The introduction of warehousing facility for cotton trade will immensely benefit the country's spinners, as it will reduce lead-time and ensure the timely sourcing of the fibre, industry people said.
Under the facility, merchants from different countries will store cotton at warehouses at Chittagong port to sell to the local cotton importers and spinners. The merchants can also re-export the cotton from the port to other destinations.
The system is already in use by the Chinese government, which is the largest importer of cotton.
Such warehouses would allow spinners to buy cotton at their doorstep and negate the huge risks that come with the long shipment times from origin, said Monowarul Hoque, managing director of Ashik Composite Textile Mills, a cotton importer and spinner.
For local spinners, the time lag between an actual purchase and collection varies from two weeks to 12 weeks, excluding the shipment delays.
It takes two weeks to get cotton from India and Pakistan and up to 12 weeks from the US, and the West African and Latin American countries, excluding the shipment delays.
This lag exposes the spinners to huge market volatility, as cotton prices tend to fluctuate drastically, he said, adding that the local spinners do not have the means to hedge such risks without the access to futures markets.
The warehousing facility would protect the spinners in a bearish market, he said, adding that in fiscal 2010-11 the entire industry suffered a huge loss as cotton prices rose and fell drastically.
Hoque said, due to long shipment time from origins such as Africa and North America, most local spinners are forced to purchase cotton from India and Pakistan.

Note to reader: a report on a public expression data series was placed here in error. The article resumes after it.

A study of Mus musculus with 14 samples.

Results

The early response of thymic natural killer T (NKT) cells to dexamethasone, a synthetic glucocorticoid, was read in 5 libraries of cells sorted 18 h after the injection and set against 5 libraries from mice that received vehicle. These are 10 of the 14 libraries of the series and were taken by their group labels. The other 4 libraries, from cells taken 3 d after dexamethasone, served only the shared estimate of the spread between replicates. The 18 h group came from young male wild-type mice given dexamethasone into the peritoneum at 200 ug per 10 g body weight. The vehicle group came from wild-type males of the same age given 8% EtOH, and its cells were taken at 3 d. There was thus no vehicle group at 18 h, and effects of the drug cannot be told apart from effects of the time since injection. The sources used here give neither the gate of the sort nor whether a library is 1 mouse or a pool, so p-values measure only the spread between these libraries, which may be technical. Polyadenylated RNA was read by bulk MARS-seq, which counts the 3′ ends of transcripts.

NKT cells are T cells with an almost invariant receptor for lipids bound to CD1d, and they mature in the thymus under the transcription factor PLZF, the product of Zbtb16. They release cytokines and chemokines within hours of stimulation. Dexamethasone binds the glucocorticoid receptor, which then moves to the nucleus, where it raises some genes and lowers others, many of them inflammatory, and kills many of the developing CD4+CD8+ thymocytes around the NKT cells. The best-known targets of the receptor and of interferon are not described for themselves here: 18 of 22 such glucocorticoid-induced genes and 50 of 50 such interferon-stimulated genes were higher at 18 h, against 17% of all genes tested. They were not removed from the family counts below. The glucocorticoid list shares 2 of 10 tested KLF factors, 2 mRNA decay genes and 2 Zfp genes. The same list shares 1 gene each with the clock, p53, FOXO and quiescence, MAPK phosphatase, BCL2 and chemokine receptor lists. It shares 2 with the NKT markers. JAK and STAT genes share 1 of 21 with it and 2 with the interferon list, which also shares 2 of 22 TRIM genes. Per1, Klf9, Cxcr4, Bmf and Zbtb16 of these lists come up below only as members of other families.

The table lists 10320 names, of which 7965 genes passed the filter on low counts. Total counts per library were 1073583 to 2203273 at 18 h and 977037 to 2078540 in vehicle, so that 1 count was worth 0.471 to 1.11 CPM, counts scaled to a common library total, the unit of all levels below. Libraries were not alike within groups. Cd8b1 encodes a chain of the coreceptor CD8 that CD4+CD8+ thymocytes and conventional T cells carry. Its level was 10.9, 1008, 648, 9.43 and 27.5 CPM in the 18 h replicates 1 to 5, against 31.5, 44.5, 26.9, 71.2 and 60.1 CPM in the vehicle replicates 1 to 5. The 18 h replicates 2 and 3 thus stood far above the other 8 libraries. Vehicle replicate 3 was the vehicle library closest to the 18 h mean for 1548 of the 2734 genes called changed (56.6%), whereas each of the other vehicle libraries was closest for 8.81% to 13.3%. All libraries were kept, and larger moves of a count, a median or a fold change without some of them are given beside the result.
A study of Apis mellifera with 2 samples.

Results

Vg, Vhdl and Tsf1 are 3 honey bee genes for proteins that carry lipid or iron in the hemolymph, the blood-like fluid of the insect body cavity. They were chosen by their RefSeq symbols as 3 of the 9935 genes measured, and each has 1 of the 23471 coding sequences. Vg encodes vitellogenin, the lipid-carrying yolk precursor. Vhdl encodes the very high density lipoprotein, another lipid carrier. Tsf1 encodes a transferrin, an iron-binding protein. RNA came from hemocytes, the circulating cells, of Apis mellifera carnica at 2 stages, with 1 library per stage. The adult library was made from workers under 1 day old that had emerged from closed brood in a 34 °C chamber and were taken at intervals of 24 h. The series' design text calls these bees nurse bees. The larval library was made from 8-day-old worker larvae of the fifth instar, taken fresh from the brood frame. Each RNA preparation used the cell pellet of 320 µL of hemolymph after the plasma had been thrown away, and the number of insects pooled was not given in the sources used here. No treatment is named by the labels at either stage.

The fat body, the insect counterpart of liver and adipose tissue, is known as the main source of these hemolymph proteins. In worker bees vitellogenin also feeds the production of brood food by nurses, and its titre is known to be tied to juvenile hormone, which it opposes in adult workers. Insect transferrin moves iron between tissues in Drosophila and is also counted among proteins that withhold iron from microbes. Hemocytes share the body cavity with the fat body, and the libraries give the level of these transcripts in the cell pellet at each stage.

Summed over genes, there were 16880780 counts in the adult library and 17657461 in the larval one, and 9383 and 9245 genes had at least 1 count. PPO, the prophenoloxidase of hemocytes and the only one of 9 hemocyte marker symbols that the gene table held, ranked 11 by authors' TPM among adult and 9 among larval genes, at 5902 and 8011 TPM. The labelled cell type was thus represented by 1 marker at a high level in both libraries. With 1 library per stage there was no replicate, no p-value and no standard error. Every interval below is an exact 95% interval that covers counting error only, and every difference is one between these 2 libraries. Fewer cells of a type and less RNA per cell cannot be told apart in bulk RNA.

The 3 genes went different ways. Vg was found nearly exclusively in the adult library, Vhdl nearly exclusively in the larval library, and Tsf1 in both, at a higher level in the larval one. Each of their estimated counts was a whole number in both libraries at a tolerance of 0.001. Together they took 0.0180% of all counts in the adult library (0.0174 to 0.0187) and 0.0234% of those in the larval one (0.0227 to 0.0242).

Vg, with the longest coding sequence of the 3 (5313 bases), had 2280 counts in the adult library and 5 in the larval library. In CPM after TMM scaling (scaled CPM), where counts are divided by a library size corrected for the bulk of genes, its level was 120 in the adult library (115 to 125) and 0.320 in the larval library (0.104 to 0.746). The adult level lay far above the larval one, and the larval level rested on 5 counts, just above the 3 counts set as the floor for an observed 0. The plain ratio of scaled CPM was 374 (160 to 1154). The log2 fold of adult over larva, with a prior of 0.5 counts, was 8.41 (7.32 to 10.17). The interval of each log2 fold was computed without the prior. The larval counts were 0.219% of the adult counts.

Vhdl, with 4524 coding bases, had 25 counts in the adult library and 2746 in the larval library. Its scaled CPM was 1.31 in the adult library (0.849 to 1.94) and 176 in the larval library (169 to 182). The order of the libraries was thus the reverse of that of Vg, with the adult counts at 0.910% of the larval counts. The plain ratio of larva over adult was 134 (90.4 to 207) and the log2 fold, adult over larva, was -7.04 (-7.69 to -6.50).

“However, such cotton lacks quality, contains high moisture and is often contaminated. The cotton shippers in India and Pakistan only export residual substandard cotton as the top crop is always picked and consumed by their respective local spinners,” Hoque said.
He also said the warehouses would allow spinners to ensure quality.
“A spinner would be able to draw full sample prior to purchase from the warehouse and that would deter merchants from selling lower quality cotton.”
Under the current system, the importers have the leeway to purchase cotton from anywhere in the world and they cannot check the quality and fix the price beforehand.
Furthermore, it would lower the financial burden on spinners, who are forced to operate with huge working capital limits, as they must procure cotton well in advance.
Hoque said Malaysia and Sri Lanka have already opened warehousing facility for cotton trade at their ports targeting the Asian consumers, especially Bangladesh, the second largest cotton importer after China.
On the warehouse facility for cotton trade, Jahangir Alamin, a former president of Bangladesh Textile Mills Association (BTMA), said warehousing is a good option if the system is operated well.
“During the tenure of my presidency in the BTMA, the system was considered several times but it never materialised,” Alamin said.
Manoj Kumar Roy, additional secretary to the commerce ministry, said the government will go for the warehousing route if the move is business-friendly.
Thanks to higher garment exports, cotton imports registered an 8 percent year-on-year growth to 5.6 million bales [480 pounds make a bale] in fiscal 2013-14.
Bangladesh imports cotton worth nearly $3 billion a year from the US, India, African countries and Uzbekistan.
In fiscal 2004-05, the country imported three million bales of cotton, but within a span of ten years the country's consumption doubled, according to BTMA.